This practical astronomy observing notebook is aimed at ‘deep sky observers’ – people who have been inspired by recent television programmes, as well as those who already do it. This is a book for those who know the basics and want to develop and improve their observing skills. Use The Stargazer's Notebook to help plan what deep sky targets you want to seek out in a particular session, as well as plan long term goals.
Includes over 45 observation forms for making notes and drawings of what you are seeing and when. In addition, other record pages will help keep track of what equipment you have (and what you would like to have), what objects you hope to observe, as well as wish lists of observing locations, books, apps etc. Useful reference information includes explanations of universal time, field of view and eye piece equations, and seeing and transparency scales, plus the constellations with abbreviations. This is the perfect gift for every stargazer.
Dr Paul Abel is an astronomer, mathematician and a co-presenter on the BBC’s The Sky at Night. Paul has written for many popular astronomy magazines promoting amateur astronomy and the science that amateurs can contribute to the field. He regularly gives talks to various astronomical societies and speaks at astronomical events.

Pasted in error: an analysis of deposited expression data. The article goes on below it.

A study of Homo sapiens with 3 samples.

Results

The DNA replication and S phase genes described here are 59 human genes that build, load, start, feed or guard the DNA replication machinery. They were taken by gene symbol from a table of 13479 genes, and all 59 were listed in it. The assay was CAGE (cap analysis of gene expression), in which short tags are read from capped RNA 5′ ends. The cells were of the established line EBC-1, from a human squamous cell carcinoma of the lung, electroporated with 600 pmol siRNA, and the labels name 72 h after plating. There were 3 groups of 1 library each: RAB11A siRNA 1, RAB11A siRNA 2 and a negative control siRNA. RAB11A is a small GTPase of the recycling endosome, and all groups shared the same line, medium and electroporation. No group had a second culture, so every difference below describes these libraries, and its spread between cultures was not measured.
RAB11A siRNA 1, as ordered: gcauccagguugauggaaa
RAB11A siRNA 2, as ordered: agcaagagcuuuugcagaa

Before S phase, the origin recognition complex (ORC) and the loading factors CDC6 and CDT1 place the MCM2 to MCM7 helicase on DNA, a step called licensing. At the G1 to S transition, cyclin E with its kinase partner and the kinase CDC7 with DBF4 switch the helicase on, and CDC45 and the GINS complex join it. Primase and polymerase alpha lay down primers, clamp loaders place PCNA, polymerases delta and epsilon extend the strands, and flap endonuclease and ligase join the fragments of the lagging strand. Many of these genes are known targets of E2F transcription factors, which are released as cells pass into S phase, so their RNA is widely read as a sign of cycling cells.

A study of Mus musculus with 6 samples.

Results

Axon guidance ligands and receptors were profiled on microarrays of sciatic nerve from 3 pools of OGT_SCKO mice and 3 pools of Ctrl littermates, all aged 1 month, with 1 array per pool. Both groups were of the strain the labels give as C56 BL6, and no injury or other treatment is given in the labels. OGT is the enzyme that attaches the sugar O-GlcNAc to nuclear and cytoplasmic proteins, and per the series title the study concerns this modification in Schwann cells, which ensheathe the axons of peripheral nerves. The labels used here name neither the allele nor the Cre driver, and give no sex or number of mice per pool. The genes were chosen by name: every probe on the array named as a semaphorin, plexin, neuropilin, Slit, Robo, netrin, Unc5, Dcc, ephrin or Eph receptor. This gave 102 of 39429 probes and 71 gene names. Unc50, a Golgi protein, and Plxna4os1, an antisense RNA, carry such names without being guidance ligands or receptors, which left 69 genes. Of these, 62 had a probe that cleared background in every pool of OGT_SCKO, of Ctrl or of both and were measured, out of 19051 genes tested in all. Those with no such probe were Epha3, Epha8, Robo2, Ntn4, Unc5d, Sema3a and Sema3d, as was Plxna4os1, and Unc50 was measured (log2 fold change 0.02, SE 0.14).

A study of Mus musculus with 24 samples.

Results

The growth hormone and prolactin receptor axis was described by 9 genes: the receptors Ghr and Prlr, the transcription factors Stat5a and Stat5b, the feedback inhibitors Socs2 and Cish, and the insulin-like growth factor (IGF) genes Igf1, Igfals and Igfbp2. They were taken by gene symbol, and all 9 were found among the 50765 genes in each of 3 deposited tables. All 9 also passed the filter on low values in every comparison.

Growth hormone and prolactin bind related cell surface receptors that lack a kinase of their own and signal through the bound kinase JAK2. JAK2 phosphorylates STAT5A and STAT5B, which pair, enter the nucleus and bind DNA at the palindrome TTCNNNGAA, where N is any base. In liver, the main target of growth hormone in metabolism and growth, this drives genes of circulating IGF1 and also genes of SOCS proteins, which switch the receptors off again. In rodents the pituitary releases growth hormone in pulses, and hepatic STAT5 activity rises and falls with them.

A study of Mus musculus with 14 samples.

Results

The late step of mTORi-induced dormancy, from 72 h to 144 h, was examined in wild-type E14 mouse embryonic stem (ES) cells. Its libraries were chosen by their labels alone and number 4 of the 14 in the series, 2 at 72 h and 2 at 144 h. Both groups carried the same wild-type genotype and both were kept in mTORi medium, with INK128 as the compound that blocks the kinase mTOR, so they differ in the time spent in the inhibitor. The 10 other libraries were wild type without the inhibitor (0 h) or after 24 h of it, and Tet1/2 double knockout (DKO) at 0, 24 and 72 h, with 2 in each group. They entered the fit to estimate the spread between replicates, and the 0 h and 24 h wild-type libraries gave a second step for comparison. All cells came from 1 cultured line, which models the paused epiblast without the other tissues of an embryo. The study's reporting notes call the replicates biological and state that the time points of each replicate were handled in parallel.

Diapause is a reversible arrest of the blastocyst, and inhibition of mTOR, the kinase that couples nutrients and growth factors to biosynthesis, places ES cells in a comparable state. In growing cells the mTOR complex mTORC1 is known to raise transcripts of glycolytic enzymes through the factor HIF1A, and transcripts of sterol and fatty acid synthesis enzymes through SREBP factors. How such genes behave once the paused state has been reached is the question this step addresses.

Amateur astronomy has played an enormous role in his life; in his words “I wasn’t just bitten by the astronomy bug, but completely savaged by it!” Since a young age he has been interested in astronomy; an enthusiasm fuelled by Sir Patrick Moore, with whom he communicated from the age of 12. It was at Sir Patrick’s request that he joined the BBC’s The Sky at Night team in 2009.
Paul has an observatory in his garden (or converted garden shed, to give it its real name), which houses his telescope. From there he makes frequent observations of the Moon and the planets. He is a visual observer and prefers to draw what he sees and records his own observations in log books.
Dr Abel is currently an Astronomer in the Department of Physics & Astronomy at the University of Leicester, where he teaches and looks into the mysteries of Hawking Radiation. He trained as a mathematician, and his PhD is in an area of Theoretical Physics concerned with evaporating black holes.
Paul is currently assistant director of the Saturn section of the British Astronomical Association, and a Fellow of the Royal Astronomical Society.